Was it really worth it
As part of our testing and monitoring, we visit consumers around the country to see how the heaters we recommend perform in their homes.
The way we see many portable electric heaters being used gives us cause for concern, so what can we do to help consumers stay safe?
Portable electric heaters are convenient because they can be moved from room to room and in used different areas, but as a high wattage electrical device they use a lot of power and present a fire risk so must be used carefully, see our post on Portable Heater Safety.
Three things we recommend when using portable electric heaters are:
- Never use an extension lead
- Never use a plug-in or external timer
- Never leave them in a room unattended
This is because
- Extension leads can overheat leading to fires
- Timers may not be able to handle the power a heater draws and may overheat, also they can be set to switch on a heater when a room is unoccupied which leads us onto...
- If a heater is on in an unoccupied room and develops a fault, or is positioned too close to a flammable object it can catch fire or cause a fire.
Unfortunately, it seems nothing we or RoSPA or any advice body can do or say will encourage more consumers to follow these guidelines. Just saying don't do it because...... is never enough.
We have asked people why they don't follow the safety guidelines and the top 3 answers are:
- The supplied lead is too short and I need my heater further from the socket
- I need the heater to turn on/off at a certain time and I can't be there to do it
- I need to warm up the room before I get home or before I go into it
What the authorities say :
The Electrical Regulations (IET Wiring Regulations, 18th edition Appendix 15) recommends that any appliance that has a wattage rating of over 2000W (2kW) should be supplied by a separately fused spur that is a dedicated circuit with its own fuse or RCD.
An RCD or Residual Current Device is a sensitive safety device that switches off electricity automatically if there is a fault, we sometimes call them circuit breakers.
Appendix 15 is usually taken to mean fixed appliances such as electric ovens, hobs, showers and immersion heaters
We read this it as needing extra precautions when using any electrical appliance rated over 2kW.
This is because the power they draw can put a strain on domestic electrical circuits causing overload which means overheating and potential fire risk.
Many councils are instructing landlords that where 2kW or above portable electric heaters are supplied they must be fixed to a wall and be hard-wired into a fixed spur.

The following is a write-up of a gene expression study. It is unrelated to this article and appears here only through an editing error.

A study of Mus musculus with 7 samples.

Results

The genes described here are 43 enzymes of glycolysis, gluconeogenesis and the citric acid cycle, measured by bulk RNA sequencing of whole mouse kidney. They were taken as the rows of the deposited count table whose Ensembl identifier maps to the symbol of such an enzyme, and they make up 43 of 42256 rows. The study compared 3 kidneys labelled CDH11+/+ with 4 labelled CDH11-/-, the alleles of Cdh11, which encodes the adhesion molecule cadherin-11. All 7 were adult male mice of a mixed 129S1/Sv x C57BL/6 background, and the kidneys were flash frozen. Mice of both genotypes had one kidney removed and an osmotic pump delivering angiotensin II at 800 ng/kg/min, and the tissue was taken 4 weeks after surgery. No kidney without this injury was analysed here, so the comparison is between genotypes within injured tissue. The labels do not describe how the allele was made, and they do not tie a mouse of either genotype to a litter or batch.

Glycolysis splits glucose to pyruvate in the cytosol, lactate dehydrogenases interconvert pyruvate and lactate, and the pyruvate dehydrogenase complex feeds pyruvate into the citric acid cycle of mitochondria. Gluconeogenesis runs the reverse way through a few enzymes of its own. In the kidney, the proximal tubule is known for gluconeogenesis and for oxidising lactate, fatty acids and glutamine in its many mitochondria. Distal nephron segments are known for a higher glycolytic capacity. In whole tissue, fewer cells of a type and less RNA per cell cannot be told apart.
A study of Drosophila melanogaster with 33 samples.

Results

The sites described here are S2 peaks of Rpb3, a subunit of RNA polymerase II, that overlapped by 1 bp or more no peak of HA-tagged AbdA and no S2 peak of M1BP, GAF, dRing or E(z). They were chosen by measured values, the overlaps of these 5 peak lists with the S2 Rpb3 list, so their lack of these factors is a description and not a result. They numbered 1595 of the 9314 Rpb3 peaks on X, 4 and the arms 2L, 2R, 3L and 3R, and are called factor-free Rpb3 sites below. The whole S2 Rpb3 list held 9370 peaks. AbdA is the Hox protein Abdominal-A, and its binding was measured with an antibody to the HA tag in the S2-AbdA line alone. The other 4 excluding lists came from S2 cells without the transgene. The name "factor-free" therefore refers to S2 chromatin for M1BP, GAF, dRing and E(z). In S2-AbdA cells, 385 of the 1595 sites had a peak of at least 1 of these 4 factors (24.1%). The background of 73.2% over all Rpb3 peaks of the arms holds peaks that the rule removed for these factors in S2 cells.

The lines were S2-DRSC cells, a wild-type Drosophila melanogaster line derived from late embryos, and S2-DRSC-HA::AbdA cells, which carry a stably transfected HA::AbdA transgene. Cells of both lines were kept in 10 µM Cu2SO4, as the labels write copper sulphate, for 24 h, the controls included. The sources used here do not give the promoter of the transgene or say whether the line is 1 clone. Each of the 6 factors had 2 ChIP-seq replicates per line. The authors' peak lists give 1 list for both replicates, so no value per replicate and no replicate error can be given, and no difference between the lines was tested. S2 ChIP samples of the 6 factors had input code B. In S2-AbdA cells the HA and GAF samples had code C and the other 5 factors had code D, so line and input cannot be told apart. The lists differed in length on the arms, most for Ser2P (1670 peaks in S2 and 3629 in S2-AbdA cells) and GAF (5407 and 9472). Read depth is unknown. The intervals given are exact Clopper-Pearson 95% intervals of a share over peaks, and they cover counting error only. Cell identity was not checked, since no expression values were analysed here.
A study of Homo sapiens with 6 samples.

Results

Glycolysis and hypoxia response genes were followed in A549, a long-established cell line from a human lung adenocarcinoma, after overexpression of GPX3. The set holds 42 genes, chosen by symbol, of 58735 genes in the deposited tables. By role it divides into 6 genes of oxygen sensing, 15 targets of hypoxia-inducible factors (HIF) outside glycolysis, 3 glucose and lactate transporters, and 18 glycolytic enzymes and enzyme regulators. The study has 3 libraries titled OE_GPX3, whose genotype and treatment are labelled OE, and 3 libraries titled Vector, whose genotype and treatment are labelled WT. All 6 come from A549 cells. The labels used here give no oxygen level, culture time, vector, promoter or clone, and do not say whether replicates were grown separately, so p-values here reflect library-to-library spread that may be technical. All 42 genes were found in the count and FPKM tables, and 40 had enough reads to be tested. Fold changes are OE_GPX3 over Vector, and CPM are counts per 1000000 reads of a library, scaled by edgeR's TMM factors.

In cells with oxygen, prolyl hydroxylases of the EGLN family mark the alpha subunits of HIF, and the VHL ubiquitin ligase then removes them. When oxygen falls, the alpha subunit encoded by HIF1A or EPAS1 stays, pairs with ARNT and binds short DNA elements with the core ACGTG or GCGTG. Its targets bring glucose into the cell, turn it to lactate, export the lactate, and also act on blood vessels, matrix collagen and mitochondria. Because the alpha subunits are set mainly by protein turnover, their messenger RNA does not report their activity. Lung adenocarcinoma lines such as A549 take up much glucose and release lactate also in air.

This means they cannot be unplugged and moved around or fitted with external timers.
In normal domestic situations, this would remove the best feature of portable electric heaters, their portability.
We know that nothing we say is going to prevent some consumers from using portable electric heaters as they see fit, including using them with extension leads and timers.
While not condoning or encouraging this we are offering the following advice if you choose to do so.
1. Make sure you have smoke alarms fitted, the minimum is one on each level (floor) of your home, we advise one in every room.
2. Use an RCD plug adaptor for all portable heaters, not just 2kW. They act as a mini fuse board for your heater and will cut off the heaters electric supply in case of some (but not all) electrical faults. They will also prevent the fault from tripping the RCD on your consumer unit (fuse board) and switching off the main circuit and cutting power to the rest of the appliances (TV, Computer, Phone etc...) that might be plugged into the circuit.
3. If you really must use an extension lead then buy one with a much higher wattage rating than your heater and with an RCD adaptor fitted. Buy the shortest length one for your needs and never coil, wrap or loop an extension lead as this will cause it to overheat.
4. THINK. If you are timing a heater to switch on in an unheated room how do you know someone else hasn't been in while the heater is off and draped something over or near it, or moved the heater a little too near the curtains or a chair? A heater only takes a few minutes to heat up a room, is it really necessary to take that risk?
5. If you need to use a timer then buy a heater with one fitted, if not make sure the plug-in timer you buy has a greater wattage rating than your heater so it doesn't overheat and melt or catch fire.
6. Finally: If your plug is overheating an RCD adaptor won't stop it happening, buy a decent plug and replace the faulty one (they cost about £2). If that overheats then get your electrics checked by a registered electrician to see if your home has a wiring fault or if it's a dodgy heater.
Please be aware that these protective measures will not prevent accidents due to the misuse of portable heaters, an RCD will not prevent a fire if the fan stops working in your fan heater, or if there is a towel draped over your convection heater when it is turned on in an unoccupied room.
Smoke alarms save hundreds of lives a year and is a must-have safety device.
In the UK 80% of all domestic fires are caused by electrical appliances, portable heaters are at the top of the list. Most portable heater fires can be avoided by taking sensible safety precautions.